Like Pickwick, Twist suffers from some of the faults of the young writer
--an overabundance of characters, leaving the modern reader of the finished novel confused; it would be interesting to know if contemporary readers of the serial suffered as well given the weeks between installments, or if the less-hectic media landscape left more time for understanding.
--serial-paced plotting, which results in see-saw plotting too obviously reliant on cliff-hanger material to bring the reader back. The mature Dickens would arrive at a complex system of outlining and planning plots so that even in serial publication the result was a unified whole.
Where Twist differs (and excels) is in the darkness of the material. Pickwick's good-natured humor and picaresque asides are not found here as we follow the career of young Oliver from orphan to runaway to criminal apprentice. While Oliver would rise above by the end of the book in typical Dickensian fashion, from the start he is thrown into dark circumstances with darker companions than we would expect from source material that was turned into a Broadway musical (Oliver!) in the 1960s and a Disney animated feature (Oliver and Company) in the 1980s. Dickens draws the reader along with the "attraction of repulsion" for these evil events and criminals that keeps the reader engaged and interested beginning to end.
Indeed, Dickens found himself on the defensive when his story was lumped together with contemporary "Newgate novels" which were sensationalist and less well written novels glamorizing the criminal underbelly of London. On the other hand, he was also accused of "whitewashing" the dark side of his story by, for example, using euphemisms that disguised the true nature of Nancy's work and lifestyle; in a preface to a later edition reproduced as an appendix here, Dickens baldly states "the girl is a prostitute" while defending his original work as allowing it to be read by the broadest possible audience without offense.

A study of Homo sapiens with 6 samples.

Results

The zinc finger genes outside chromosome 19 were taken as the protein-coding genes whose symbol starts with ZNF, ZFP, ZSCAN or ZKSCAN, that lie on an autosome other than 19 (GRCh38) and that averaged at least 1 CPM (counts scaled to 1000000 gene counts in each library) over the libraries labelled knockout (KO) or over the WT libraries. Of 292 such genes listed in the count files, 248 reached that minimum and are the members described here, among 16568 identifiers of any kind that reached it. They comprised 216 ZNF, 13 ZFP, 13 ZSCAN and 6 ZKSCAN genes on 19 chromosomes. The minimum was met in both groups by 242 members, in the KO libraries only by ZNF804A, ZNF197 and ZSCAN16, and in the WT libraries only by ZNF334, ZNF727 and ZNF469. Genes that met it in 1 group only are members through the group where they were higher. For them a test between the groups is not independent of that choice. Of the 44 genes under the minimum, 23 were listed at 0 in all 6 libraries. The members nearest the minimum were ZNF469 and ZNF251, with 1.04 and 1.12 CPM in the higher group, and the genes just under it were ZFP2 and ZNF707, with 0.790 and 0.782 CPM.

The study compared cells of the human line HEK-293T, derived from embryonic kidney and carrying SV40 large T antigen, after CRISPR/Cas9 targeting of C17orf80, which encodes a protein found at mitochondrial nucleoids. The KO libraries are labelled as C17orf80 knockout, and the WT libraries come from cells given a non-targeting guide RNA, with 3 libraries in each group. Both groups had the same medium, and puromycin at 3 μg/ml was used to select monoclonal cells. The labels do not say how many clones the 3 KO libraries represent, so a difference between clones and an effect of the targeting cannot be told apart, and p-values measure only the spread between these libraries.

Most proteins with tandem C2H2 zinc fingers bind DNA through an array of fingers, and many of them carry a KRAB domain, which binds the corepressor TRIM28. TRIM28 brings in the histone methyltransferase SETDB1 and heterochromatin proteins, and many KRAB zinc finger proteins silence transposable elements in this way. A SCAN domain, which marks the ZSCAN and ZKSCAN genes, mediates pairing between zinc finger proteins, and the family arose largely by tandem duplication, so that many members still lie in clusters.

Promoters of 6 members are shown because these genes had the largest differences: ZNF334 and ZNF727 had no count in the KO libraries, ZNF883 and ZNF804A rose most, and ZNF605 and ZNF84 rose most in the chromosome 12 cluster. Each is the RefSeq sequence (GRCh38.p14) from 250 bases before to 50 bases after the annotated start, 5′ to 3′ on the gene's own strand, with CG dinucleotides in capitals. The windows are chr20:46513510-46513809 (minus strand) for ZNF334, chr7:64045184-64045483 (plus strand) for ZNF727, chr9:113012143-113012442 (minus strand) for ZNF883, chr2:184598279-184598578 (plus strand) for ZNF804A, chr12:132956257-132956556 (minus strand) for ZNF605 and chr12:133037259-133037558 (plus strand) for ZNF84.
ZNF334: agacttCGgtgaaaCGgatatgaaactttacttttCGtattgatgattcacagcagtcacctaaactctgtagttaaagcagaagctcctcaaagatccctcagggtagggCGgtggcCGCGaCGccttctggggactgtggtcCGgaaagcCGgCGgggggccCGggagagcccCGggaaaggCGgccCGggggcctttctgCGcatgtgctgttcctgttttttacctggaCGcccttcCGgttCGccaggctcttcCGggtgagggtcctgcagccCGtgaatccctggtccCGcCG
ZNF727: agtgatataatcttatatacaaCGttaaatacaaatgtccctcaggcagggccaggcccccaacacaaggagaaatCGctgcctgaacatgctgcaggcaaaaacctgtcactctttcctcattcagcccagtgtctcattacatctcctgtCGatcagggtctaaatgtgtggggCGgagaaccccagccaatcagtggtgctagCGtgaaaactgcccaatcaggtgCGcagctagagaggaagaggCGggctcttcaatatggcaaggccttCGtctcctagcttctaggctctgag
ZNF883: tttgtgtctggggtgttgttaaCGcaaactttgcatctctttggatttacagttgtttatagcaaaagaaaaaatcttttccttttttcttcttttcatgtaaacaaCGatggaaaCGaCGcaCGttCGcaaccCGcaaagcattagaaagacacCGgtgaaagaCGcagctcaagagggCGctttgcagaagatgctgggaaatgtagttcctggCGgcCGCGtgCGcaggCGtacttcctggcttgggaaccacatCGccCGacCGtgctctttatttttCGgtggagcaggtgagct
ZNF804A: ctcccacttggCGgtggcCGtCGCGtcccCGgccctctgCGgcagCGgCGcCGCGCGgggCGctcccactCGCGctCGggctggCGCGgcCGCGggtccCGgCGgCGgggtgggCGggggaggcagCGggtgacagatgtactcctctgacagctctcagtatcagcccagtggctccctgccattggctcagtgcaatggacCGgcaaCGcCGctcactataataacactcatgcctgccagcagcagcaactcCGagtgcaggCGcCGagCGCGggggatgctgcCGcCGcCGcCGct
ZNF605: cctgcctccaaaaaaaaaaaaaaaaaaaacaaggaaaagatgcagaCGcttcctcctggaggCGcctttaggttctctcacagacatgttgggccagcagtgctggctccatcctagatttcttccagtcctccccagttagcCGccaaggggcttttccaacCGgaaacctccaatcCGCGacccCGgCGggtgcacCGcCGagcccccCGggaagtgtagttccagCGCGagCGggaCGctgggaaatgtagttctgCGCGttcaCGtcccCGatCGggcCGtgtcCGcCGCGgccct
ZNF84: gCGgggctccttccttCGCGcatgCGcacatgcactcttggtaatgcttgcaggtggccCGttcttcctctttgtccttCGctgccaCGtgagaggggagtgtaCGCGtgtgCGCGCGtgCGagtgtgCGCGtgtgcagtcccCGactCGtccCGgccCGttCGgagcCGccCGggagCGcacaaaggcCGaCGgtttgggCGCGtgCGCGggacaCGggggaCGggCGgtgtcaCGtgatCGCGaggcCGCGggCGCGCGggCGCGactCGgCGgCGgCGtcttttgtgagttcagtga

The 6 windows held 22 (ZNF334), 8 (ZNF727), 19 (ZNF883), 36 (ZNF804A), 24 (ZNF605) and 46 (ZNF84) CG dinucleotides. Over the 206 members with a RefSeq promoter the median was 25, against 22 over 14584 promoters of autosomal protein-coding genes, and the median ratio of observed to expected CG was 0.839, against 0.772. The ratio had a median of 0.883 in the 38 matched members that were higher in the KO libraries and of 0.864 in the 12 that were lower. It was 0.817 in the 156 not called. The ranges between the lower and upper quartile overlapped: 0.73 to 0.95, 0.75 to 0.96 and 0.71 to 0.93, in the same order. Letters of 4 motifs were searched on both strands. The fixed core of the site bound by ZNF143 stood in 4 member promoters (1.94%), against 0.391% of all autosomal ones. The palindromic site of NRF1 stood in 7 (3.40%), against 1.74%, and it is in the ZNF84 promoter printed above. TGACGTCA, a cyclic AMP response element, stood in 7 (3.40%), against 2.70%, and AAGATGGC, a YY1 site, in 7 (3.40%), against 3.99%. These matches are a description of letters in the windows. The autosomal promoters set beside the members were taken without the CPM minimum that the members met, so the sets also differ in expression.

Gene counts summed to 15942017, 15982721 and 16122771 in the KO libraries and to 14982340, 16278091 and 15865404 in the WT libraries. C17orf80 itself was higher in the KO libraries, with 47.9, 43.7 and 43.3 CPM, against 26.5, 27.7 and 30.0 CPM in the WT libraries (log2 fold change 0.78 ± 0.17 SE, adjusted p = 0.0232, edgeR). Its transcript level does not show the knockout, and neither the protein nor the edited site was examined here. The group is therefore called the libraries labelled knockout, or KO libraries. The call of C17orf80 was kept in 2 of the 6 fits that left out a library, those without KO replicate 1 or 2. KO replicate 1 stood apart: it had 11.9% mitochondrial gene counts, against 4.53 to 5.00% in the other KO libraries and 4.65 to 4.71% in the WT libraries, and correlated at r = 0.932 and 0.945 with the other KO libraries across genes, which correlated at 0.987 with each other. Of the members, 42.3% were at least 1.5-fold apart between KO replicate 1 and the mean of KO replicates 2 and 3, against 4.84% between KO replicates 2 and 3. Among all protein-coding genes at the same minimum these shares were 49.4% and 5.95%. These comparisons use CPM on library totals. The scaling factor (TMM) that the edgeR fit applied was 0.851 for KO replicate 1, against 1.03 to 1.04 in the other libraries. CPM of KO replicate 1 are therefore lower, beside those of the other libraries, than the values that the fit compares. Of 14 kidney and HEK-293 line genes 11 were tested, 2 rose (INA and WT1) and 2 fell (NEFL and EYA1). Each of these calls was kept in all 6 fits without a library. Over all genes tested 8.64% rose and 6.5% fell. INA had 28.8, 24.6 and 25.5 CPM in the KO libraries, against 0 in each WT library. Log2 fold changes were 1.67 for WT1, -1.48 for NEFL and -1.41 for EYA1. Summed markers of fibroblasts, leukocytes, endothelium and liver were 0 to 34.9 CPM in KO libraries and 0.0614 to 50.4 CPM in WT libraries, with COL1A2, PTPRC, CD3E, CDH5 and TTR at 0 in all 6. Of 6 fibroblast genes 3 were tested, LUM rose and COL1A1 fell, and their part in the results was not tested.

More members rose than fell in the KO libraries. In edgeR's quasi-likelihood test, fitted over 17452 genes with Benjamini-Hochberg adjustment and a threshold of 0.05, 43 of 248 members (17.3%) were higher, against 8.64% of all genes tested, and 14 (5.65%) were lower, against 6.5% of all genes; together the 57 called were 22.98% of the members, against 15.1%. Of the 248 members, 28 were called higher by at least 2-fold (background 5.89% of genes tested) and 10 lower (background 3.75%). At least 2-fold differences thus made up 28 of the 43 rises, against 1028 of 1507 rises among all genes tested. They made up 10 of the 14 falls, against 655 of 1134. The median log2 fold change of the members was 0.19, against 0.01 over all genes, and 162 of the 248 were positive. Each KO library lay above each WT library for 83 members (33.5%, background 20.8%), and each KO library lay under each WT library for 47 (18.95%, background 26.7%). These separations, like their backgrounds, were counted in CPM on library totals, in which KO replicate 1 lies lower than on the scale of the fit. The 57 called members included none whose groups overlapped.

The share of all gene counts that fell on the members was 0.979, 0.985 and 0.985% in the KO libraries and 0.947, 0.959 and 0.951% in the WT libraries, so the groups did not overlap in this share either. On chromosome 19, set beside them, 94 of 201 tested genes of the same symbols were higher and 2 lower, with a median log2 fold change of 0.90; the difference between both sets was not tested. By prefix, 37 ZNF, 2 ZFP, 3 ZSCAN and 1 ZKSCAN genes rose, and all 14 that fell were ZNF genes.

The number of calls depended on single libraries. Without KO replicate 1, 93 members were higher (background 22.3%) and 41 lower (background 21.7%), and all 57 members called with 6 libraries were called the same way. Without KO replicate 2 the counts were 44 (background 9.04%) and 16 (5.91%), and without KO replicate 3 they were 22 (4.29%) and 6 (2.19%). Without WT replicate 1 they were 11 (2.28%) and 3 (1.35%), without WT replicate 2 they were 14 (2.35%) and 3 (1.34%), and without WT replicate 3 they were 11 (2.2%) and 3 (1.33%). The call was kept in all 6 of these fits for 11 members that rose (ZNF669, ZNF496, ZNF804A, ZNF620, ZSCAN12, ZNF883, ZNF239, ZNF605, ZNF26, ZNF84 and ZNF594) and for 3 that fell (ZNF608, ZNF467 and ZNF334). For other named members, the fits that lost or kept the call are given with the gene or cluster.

Oliver himself, in contrast to his surroundings, seems sometimes too good to be true, or at least too naive for his own good. More than once I wanted to reach through the page and shake some smarts into the young lad. Such innocence, which may be a virtue to a point, becomes positively life threatening for Oliver (and for us in the modern world). Truthfully, and to Dickens credit as a great writer,the story really isn't about Oliver, but about the way fate places ill and good in his path, and in his consistency of character in dealing with it.
While the best of Dickens was yet to come, Twist provides ample proof of the literary genius we know today.